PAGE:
Friday, January 23, 2009

Proportionality back on the table for EU telecoms package

Monica Horten at Westminster University reports on a proposed amendment to the telecoms package.
"An amendment to the Telecoms Package which supports the principles established in the Bono report is back on the European Parliament agenda for the Telecoms Package trialogues.

This is Article 32(a) of the Universal Services Directive ( Amendment 166 to the Harbour report). The amendment sets out the principle that any sanctions on end users, and notably any restrictions on users rights to access content, applications and services, must be proportionate to the alleged ‘offence’ (full text below). It is an important amendment, given that elsewhere in the Universal Services Directive, there is language concerning restrictions on users access to content. And as long as the 'co-operation' amendment (Article 33 (2a) or Harbour report Amendment112) remains in, which would establish in the law a process for telecoms regulators to oversee joint programmes for copyright enforcement between ISPs and rights-holders, it is an essential safeguard for users' rights...

The wording parallels that of the Fjellner-Rocard amendment to the Bono report in April last year, which established the European Parliament’s position against graduated response, and specifically against termination of internet access as a sanction.

Amendment 166
Proposal for a directive – amending actArticle 1 - point 19 b (new)Directive 2002/22/ECArticle 32 a (new)
19b) The following Article 32a shall be added:
"Article 32a
Access to content, services and applications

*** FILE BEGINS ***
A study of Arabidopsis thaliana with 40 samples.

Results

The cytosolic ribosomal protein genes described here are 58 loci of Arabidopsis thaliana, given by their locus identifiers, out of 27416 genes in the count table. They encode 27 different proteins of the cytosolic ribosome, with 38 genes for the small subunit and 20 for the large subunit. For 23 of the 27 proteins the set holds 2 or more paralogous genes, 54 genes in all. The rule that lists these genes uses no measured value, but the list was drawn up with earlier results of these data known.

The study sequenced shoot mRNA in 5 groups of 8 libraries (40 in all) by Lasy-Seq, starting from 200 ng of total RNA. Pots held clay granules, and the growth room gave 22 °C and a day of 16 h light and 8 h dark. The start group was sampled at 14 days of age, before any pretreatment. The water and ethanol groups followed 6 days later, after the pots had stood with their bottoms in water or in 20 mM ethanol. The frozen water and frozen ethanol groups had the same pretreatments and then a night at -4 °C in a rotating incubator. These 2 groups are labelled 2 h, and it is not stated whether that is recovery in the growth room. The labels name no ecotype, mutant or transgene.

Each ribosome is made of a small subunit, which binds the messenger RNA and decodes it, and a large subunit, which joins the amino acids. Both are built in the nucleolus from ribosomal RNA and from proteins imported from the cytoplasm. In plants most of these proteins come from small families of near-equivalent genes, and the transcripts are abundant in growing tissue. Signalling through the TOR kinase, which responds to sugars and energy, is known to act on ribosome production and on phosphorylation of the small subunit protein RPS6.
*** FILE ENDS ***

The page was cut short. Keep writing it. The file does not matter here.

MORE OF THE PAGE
Member States shall ensure that any restrictions to
users' rights to access content, services and
applications, if they are necessary, shall be
implemented by appropriate measures, in
accordance with the principles of proportionality,
effectiveness and dissuasiveness. These measures
shall not have the effect of hindering the
development of the information society, in
compliance with Directive 2000/31/EC, and shall not
conflict with citizens' fundamental rights, including
the right to privacy and the right to due process."

IP geeks will recall that the EU parliament has already passed amendment 166 once and it was quietly dropped by the Council of Ministers (for reasons unknown, though some commentators wondered whether it was an administrative error by officials). I would hope that proportionality would apply in the absence of amendment 166 anyway, though it is not a feature of modern IP law but the acceptance or otherwise, in the final telecoms package, of amendment 166 may prove a better indicator of the balance of the politics than of the law.